Live from NY, Guinness record-breaker, with help from OU, Strauss, and David’s


A New York Jewish community has created what it believes is the world’s longest challah, and hopes it’s recognized as a Guinness World Record.

The effort to shape and bake the 35-foot-long braided bread was undertaken as part of the “Shabbat of Love” — a national event sponsored by the Jewish Federations of North America to spread “love for the Jewish people at one of our darkest times.”

JFNA advanced the challah initiative as part of “Shabbat of Love” in partnership with the Orthodox Union, involving 30,000 participants and more than 240 organizations on Jan. 19.

Spearheading the record-breaking build was the Rodeph Sholom School on the Upper West Side of Manhattan, affilated with the Reform Congregation Rodeph Sholom.

The brainchild behind the endeavor was Sarah Eisenman, chief community and Jewish life officer at JFNA and parent of a student at the Rodeph Sholom School. She was looking for an activity that would “bring Jewish pride and Jewish joy” on the day of the event, and “during a late evening of scrolling through articles found that there is a world record for the longest challah, and I knew we could surpass it.”

That record was held by Grandma Moses Bakery in Australia, which won the title in 2019 for making a 32-foot-long challah in conjunction with the Jewish National Fund-Australia.

Eisenman enlisted help from the Orthodox Union, which arranged for the challah to be crafted and braided at Strauss Bakery in Brooklyn. She visited the facility, saw the dough after it had been braided, and recalled being amazed that the “baking crew actually pulled it off.”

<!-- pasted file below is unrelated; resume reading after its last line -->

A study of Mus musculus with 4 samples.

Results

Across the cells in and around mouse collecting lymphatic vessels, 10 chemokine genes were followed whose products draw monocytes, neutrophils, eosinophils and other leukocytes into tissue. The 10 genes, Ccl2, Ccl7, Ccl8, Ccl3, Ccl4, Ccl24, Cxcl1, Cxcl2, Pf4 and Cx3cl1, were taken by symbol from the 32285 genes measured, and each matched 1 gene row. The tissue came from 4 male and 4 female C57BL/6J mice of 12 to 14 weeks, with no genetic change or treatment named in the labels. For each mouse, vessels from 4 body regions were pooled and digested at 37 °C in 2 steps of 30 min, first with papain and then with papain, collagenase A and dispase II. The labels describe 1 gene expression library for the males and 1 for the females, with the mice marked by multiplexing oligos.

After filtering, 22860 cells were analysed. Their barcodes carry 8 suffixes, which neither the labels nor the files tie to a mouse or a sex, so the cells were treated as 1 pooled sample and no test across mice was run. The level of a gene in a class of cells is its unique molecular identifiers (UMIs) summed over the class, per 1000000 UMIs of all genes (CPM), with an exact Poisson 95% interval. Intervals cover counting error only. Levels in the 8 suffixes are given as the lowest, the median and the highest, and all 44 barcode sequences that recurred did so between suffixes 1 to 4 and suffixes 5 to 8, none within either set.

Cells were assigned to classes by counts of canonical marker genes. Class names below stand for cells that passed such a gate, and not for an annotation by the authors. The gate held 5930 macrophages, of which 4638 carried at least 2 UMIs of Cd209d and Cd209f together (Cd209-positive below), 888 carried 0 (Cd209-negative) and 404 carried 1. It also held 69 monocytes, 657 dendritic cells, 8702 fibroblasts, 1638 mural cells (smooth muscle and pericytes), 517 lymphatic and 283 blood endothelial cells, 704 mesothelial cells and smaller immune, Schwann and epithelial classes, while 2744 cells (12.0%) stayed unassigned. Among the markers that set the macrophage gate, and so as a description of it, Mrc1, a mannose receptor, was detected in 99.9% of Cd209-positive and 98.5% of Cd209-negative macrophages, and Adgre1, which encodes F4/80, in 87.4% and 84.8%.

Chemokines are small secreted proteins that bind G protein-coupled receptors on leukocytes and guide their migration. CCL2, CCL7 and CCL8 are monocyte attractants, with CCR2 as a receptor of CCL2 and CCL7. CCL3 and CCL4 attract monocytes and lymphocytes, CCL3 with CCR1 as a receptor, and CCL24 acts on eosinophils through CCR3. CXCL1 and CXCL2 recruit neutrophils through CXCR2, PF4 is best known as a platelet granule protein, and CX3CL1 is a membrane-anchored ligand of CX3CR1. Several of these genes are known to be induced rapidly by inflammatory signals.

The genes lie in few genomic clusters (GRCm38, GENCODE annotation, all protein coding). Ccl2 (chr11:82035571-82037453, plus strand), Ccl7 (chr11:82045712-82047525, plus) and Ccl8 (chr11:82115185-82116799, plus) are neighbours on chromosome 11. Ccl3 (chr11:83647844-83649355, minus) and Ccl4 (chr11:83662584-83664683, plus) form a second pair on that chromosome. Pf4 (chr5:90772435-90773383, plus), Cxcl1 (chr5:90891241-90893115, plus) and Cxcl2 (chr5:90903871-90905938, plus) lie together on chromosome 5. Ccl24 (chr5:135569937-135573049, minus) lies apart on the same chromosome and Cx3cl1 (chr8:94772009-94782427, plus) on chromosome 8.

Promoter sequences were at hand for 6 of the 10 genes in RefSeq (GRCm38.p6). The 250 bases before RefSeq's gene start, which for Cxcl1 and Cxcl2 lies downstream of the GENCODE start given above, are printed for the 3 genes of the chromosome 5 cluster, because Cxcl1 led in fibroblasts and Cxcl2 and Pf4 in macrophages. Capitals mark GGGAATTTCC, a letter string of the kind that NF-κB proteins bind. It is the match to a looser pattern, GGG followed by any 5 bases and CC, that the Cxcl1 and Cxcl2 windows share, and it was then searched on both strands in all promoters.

From there, it was sent to the David’s Cookies factory in New Jersey, which has ovens large enough to bake the massively oversized bread.

Once baked, the challah was loaded onto a 40-foot, 18-wheeler truck and delivered to Rodeph Sholom, where a group of 30 volunteers from all parts of the Jewish community spontaneously began singing “Am Yisrael Chai” as they carried the oversized item into the synagogue building.

Parents and grandparents snapped pictures of the challah while kids expressed their admiration.

“They knew right away it was something special and that they were part of it,” said Eisenmann, adding that the finished challah was divided up and given to the families to enjoy.

“I had some of the challah, and it was great!” she said. “It was amazing that something so big, made by so many sets of hands, still kept the taste that we’d all expect.”

Summing up the experience, Eisenman said: “It was a simple and sweet embodiment of Jewish pride and love.”

Proof documenting the results have been sent to Guinness, and those involved are awaitng their ruling.